Written By: Tess Stofko

 Over the years, the craft of acting has been mystified and mythologized as an elusive and unattainable goal. In truth, there are actionable steps a beginning actor or actress can take in order to break into the business. Acting, simply put, is a job, much like a mailman, a lawyer or a barista. Actors perform the role of the characters in a story or film and are a cog in the machine that is the film and television industry. That being said, like any other job requires, an actor needs a resume in order to “book roles,” as in “get hired.” 

The unemployment rate for actors is at a whopping 98%. This is because actors must constantly renew their employment. Once a project has been completed, the actor is out of work once again. This is why most actors are constantly  looking for work, always searching for a role that fits them. 

An actor’s resume differs from an ordinary resume. As a business, filmmakers are looking for someone with a particular look, depending on how they envision the character. It stands to reason that an actor's headshot is in fact their true resume. A picture is worth a thousand words. Headshots concisely convey to the casting director your look. This speeds up the elimination process. If they already have a brunette actress cast in another role, they may throw an actor’s headshot out as the onus is on the casting director to find a blonde and a red-head. I give this example because while actors do face a lot of rejection, it usually is not anything personal, rather an arbitrary detail the casting directors are seeking. Much of an actor’s success is based on chance: right place, right time, and luck. Keeping this in mind, an actor’s headshot ought to be industry standard. It is worth it to pay a professional photographer to take your headshots. If you cannot afford a professional photographer, seeking out a student building their portfolio is another option. 

The next aspect of an actor’s resume is their (video) reel. Along with a headshot, an actor can submit what is essentially a demo reel. This is a compilation of films the actor has been in. It is typically about 2 minutes, and shows contrasting samples of acting. The beginner actor should aim to have about 10-20 seconds of each film, whether it’s a feature film, an indie film, or even a student film. Ideally, they will demonstrate the actor’s range, from comedy to tragedy. Like the headshot conveys the actor’s  look, the reel conveys evidence that they can in fact act. Enlisting the help of an editor/sound designer is extremely helpful in this endeavor, if the actor themselves has no editing experience. Editing is a very difficult craft, and while it usually goes unnoticed, it will have a huge impact on the flow of an actor’s reel.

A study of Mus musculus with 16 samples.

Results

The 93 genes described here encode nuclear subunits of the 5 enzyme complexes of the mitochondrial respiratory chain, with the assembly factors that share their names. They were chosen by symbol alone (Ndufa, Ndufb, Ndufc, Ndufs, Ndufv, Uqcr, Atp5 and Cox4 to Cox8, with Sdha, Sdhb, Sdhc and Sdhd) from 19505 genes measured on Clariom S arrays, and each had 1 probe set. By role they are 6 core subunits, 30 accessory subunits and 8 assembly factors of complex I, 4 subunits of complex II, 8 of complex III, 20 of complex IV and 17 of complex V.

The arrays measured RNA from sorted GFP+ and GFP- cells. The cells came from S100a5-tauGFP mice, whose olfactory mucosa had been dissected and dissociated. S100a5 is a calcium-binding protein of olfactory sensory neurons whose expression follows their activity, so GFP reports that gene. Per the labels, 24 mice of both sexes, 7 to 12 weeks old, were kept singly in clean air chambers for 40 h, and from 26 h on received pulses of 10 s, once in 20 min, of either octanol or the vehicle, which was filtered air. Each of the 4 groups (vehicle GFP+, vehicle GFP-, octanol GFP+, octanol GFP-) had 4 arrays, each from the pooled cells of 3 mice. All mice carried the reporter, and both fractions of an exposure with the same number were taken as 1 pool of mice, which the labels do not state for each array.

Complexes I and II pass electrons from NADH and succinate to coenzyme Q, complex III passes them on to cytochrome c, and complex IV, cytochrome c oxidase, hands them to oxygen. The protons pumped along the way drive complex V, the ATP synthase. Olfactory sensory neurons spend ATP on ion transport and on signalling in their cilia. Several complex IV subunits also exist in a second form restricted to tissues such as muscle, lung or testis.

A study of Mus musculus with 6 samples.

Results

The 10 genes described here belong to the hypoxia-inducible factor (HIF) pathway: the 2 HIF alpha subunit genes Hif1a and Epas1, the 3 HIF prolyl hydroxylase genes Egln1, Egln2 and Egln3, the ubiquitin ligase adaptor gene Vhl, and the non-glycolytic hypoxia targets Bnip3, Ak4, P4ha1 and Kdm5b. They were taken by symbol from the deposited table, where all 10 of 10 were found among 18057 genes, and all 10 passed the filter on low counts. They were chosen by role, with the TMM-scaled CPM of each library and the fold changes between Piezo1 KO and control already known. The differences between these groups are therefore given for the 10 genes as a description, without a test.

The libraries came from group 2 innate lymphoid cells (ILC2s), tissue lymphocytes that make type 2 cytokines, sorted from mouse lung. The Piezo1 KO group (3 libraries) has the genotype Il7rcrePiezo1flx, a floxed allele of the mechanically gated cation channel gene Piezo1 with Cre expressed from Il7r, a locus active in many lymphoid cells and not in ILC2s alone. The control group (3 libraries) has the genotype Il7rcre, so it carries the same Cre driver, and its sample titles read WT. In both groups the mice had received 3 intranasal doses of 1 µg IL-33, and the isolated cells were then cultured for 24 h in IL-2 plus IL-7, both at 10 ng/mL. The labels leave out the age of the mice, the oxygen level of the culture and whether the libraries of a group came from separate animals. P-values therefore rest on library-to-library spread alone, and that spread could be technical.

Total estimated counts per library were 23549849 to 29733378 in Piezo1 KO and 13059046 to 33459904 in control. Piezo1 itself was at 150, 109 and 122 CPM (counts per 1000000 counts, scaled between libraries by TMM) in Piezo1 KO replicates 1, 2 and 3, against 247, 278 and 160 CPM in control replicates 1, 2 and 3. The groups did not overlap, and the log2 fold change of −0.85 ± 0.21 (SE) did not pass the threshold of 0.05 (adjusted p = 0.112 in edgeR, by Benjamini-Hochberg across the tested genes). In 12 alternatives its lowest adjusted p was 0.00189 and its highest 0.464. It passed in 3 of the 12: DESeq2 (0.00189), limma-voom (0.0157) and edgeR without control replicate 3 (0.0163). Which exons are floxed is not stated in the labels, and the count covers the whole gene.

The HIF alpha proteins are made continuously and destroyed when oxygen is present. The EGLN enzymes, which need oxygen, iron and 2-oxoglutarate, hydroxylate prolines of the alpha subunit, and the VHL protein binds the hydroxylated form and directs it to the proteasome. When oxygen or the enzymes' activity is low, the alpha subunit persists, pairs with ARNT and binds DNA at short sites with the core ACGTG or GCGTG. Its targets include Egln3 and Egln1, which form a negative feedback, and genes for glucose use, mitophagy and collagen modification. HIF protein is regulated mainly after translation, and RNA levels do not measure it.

The last item of an actor’s resume is the written resume. This resume resembles our more traditional notion of a resume. This details the actor’s experience. It should list the production company or school, the name of the film or play, the name of the role the actor performed as, and the year it was made. The written resume is even more so necessary for actors who may not have film experience, but theatre experience exclusively, such as: plays, immersive theatre, community theatre, school productions, main stage plays, off-off-off broadway shows etc. The formatting of the actor’s resume is very important. It should start off with the actors name at the top, followed by their union status. In America, union status is either SAG-AFTRA (for film and television), equity (for theatre), or simply “non-union.” Below this, actors then detail their statistics, that is height, hair color, and eye color. Next is the contact information of the actor’s agent. If they do not have an agent, then the actor can simply put their own information down, either their phone number, email, or both, so they can get in contact with them in some shape or form. Actors can also link their website onto their resume, as a website can contact their headshots, reel and resume all in one place. All of this information must be at the top of the actor’s resume. Past that are the actor’s credits. The first section of the resume must begin with television credits. In the first column is the series or show title. The second column is for billing, that is whether the actor was a costar, a guest star, a recurring character or a series regular. The third column will be the network name or the streaming service name, and the director. The second section of the resume is then dedicated to film credits. Much like the first section, the actor writes the film title, the billing, in the case of film: lead, supporting or principal actor, and then the name of the director in the third column. Background work DOES NOT go on an acting resume. Many beginner actors may think that adding their background experience may be valued and show their professionalism in the business, however this is seen as a faux pas indicating that the actor is in fact UNPROFESSIONAL, as professional actors understand that background work is not considered relevant experience. 

In short, the holy trinity of an actor’s resume is the actual physical resume detailing their credits, their video reel demonstrating their ability to act, and of course, the OG resume for actors: their headshot, a portrait of the actor. These three items together are what make an actor a formidable contender in the business. Hard work beats talent any day, and putting all this together doesn’t happen overnight.